UPDATE: The Wake County school system posted a press release Wednesday saying the district is “faring well in discipline, crime, and dropouts. The press release, which doesn’t mention the increase in short-term suspensions, focuses on how the district has the lowest crime rate and suspension rate for high school students of the state’s biggest districts.
New state reports released today on school crime, suspensions and expulsions and dropout rates from the 2012-13 school year show some mixed news for the Wake County school system.
On the plus side, school crime and violence are down in the state’s largest school system. Both the high school dropout rate and the number of long-term suspensions continued to drop.
But on the negative side, there was a decent-sized increase in the number of short-term suspensions and expulsions. All this data comes out at a time when the U.S. Department of Education’s Office for Civil Rights is still investigating a complaint that charges Wake disproportionately suspends minority students.
Last school year, Wake had 870 dropouts compared to 1,236 in the 2011-12 school year. Wake had 1,430 dropouts and a rate of 3.47 percent of high school students in the 2008-09 school year.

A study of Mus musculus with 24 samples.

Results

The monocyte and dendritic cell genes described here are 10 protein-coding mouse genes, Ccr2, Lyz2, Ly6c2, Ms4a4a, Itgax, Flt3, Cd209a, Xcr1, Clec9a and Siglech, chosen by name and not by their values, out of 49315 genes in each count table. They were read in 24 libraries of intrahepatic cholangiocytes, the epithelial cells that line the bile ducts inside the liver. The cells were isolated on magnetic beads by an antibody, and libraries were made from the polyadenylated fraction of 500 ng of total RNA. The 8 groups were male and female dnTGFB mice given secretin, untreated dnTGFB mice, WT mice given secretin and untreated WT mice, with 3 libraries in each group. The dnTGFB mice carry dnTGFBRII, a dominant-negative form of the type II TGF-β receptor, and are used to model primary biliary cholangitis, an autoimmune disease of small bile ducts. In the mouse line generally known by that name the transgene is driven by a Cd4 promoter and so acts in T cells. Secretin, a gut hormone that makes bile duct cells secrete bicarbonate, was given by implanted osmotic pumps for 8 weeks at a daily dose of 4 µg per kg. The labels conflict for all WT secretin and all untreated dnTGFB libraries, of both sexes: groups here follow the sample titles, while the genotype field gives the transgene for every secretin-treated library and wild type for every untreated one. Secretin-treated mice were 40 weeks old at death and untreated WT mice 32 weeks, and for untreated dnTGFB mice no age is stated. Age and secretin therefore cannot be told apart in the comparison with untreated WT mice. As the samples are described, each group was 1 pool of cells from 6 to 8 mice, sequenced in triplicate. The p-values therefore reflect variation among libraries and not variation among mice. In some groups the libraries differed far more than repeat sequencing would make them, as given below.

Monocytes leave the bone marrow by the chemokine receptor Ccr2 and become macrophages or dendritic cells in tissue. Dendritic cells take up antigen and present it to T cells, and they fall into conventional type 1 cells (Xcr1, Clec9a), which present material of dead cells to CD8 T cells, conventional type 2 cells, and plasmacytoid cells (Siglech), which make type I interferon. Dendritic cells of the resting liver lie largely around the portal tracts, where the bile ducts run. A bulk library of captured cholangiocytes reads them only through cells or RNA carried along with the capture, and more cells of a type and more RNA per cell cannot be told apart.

Wake was one of four districts that had the largest decreases in the number of dropouts over a three-year period.
Wake also saw the number of reportable acts of school crime and violence drop to 1,037 incidents last school year, or 6.954 incidents per 1,000 students. That compares to 1,099 incidents and a rate of 7.531 acts per 1,000 students in the 2011-12 school year.
There was a 4.8 percent decrease statewide in the number of reported acts of school crime and violence. The state rate was 7.2 acts per 1,000 students, a 5.6 percent drop from the prior school year.
In terms of school discipline, Wake reported 15,378 short-term suspensions, 337 long-term suspensions and eight expulsions in the 2012-13 school year. That compares to 14,223 short-term suspensions, 403 long-term suspensions and zero expulsions in the 2011-12 school year.
Statewide, there was a 9.4 percent drop in the number of short-term suspensions and a 11.6 percent drop in the number of long-term suspensions.
Wake has been trying to reduce suspensions over the past five years, doing things such as going to a five-level system of offenses to try to avoid suspensions for minor infractions. Wake used to give more than 20,000 short-term suspensions and more than 1,000 long-term suspensions a year.
But an 8 percent increase in the number of short-term suspensions, with 1,155 more being issued than the prior year, will likely draw red flags from groups that contend Wake’s discipline policies still need further reform.
Wake’s increase in short-term suspensions can’t be solely attributed to enrollment increases. For instance, Wake had 6,917 short-term suspensions last school year for high school students, or a rate of 16.18 suspensions per 100 students. That compares to 6,559 short-term suspensions for high school students and rate of 15.85 suspensions per 100 students in the 2011-12 school year.